Apple's App Store Changes in the EU: What You Need to Know

Apple's App Store Changes in the EU: What You Need to Know

Apple, the tech giant known for its closed ecosystem, is making significant changes in response to a new European law called the Digital Markets Act (DMA). The law aims to address concerns of unfair competition by major tech companies, focusing on Apple's control over app downloads on iPhones through its App Store.

Developers will now have additional choices for distributing apps and processing payments, thanks to the recent changes.
Users, on the other hand, will experience enhanced controls, disclosures, and increased safeguards to mitigate the privacy and security risks introduced by the DMA.

Impact on Developers:

Apple's new rule states that the first one million annual app installs per iOS account are free. However, after reaching this limit, developers will face charges. This change poses challenges for free or freemium apps that go viral, as they could end up paying substantial fees.

For instance, a freemium app with two million annual installs might need to pay over $45,000 per month or more than half a million dollars annually.

Options for Developers:

Developers of free and freemium apps have two choices. They can stick with Apple's current App Store terms, paying a 15-30% commission, or opt for the new terms.

Under the new terms, the commission drops to 17%, but a €0.50 Core Technology Fee (CTF) is introduced for each user's first annual install after one million installs.

Alternative App Stores:

In a significant shift, Apple will allow alternative app stores on iPhones. Developers can choose not to use Apple's in-app payment system, but they must still pay the CTF. This opens new possibilities for app distribution but comes with additional costs.

Criticism and Concerns:

The changes have faced criticism, especially from major developers like Epic Games. They argue that Apple's moves may not comply with the DMA and give Apple control over competing app stores. Epic Games CEO Tim Sweeney has called the proposed changes "hot garbage."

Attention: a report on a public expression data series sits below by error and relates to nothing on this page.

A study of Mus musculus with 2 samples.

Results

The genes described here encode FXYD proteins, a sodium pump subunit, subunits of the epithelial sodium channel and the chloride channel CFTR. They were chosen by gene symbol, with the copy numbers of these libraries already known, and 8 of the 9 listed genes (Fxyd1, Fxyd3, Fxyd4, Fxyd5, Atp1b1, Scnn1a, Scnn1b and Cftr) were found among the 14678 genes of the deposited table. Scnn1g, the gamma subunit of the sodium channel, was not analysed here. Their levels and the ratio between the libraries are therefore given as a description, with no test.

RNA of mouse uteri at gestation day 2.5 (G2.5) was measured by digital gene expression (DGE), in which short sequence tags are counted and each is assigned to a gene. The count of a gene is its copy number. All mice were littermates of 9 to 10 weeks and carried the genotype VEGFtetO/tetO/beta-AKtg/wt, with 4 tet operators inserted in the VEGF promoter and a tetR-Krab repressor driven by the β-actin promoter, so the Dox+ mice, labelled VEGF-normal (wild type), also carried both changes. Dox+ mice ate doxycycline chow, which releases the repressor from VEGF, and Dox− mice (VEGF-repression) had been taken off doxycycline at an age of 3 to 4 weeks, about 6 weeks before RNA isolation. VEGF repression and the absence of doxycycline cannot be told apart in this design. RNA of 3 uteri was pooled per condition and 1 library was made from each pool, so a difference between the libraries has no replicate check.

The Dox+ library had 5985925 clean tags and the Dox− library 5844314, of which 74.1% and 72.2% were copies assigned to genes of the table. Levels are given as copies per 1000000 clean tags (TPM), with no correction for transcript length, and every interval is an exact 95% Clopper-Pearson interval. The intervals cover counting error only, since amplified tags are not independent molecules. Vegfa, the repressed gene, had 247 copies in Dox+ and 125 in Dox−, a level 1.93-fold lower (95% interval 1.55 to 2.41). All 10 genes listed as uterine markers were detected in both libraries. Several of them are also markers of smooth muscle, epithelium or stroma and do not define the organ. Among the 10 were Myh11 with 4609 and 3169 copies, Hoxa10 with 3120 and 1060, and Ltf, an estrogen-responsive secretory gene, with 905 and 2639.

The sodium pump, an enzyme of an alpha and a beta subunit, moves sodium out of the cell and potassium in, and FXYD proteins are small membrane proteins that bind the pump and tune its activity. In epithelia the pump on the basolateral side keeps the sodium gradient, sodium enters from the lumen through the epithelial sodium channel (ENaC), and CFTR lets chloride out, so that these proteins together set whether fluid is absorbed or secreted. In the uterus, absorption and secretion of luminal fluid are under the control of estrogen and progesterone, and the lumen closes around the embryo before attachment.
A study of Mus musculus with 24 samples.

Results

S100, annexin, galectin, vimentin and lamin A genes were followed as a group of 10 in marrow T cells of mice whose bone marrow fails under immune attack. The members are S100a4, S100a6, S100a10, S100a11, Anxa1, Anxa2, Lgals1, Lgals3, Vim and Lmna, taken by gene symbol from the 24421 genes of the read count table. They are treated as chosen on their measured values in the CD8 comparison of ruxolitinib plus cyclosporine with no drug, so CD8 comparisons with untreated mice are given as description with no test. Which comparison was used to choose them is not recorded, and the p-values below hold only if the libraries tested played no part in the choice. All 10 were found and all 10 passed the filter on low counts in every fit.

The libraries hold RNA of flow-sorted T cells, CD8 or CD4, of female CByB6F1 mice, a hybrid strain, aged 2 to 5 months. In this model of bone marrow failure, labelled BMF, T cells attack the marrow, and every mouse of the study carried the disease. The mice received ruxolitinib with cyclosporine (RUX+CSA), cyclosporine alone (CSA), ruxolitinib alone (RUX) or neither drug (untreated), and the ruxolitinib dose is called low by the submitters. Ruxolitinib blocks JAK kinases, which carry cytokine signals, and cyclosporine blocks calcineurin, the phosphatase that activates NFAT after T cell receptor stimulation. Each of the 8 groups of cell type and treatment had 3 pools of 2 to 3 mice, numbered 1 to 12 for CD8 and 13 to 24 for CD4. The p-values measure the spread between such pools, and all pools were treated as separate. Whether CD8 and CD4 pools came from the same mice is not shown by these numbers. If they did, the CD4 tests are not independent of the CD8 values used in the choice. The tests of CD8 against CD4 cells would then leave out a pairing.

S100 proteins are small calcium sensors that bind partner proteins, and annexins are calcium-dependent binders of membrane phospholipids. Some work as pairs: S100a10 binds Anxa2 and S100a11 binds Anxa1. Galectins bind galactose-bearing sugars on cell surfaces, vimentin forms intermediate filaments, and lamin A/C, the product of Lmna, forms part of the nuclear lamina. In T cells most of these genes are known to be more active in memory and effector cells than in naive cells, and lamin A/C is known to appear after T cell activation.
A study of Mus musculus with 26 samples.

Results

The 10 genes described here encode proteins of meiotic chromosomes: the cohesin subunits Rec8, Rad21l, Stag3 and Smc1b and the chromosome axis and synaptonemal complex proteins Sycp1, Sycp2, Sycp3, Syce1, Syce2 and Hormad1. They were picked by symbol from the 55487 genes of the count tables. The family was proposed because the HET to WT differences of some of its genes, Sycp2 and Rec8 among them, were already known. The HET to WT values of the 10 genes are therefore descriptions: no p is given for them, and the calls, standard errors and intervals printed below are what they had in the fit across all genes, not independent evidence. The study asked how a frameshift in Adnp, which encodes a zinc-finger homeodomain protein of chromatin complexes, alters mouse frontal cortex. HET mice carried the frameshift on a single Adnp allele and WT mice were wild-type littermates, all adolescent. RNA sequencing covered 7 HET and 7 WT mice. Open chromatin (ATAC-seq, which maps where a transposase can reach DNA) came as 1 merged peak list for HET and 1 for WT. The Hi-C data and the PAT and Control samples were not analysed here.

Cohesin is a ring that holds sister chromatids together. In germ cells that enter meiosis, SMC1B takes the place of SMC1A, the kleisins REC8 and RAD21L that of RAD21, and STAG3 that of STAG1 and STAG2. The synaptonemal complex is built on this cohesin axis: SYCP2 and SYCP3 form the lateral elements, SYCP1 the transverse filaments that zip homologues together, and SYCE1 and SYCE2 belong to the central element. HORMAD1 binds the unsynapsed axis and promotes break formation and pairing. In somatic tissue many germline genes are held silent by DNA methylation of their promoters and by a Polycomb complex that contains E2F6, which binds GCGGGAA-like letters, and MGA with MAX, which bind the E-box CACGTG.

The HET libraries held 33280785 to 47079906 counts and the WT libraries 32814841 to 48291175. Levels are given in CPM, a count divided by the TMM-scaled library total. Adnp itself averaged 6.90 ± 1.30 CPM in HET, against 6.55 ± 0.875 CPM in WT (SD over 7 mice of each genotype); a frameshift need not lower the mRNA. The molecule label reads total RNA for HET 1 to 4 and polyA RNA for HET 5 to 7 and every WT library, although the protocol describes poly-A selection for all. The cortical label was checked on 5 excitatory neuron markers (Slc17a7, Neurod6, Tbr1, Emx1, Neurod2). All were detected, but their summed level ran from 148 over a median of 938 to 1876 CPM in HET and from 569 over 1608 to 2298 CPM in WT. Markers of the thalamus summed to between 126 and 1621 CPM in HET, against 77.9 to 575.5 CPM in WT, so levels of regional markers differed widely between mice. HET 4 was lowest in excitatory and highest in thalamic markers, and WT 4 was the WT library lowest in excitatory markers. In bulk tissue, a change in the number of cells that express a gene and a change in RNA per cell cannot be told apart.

New Fees and Commissions:

Under the new terms, the commission drops to 17%, with an additional 3% fee for using Apple's payment system. This means developers could face a total commission between 13% and 20%. If using alternative payment systems, the 3% fee is waived. Additionally, there's a €0.50 CTF for each user's first annual install after one million installs.

Waivers and Exceptions:

Apple is waiving the CTF for nonprofit organizations, accredited educational institutions, and government entities approved for a fee waiver. However, this fee could be challenging for apps with millions of users, like Spotify, which might end up paying significant amounts.

Response to DMA:

In response to the DMA, Apple is allowing software developers to distribute their apps outside the App Store in the European Union. Starting in March, developers can offer alternative app stores on iPhones, opting out of Apple's payment system but still facing the CTF.

Developer Backlash:

Epic Games, known for its battle against Apple in the US, criticizes the changes, calling them insufficient for promoting competition. Despite the adjustments, some developers feel they are forced to choose between unfavorable options.

Global vs. EU Changes:

These changes are specific to the European Union, emphasizing the differing approaches Apple takes in response to regional laws. The company has recently made adjustments in the US but continues to charge commissions, unlike the EU.

Consumer Impact:

For consumers, this means potential changes in how apps are acquired. More choices might be available, and users could see different payment methods. However, critics argue that these changes may not fully achieve the DMA's goal of promoting fairness in the digital market.

Apple's response to the DMA brings significant shifts to its app store policies. While providing more options for developers, especially in the EU, the changes have sparked debates about their effectiveness and fairness. Users and developers will likely experience the impact of these adjustments in the coming months as the new rules take effect with the iOS update in March.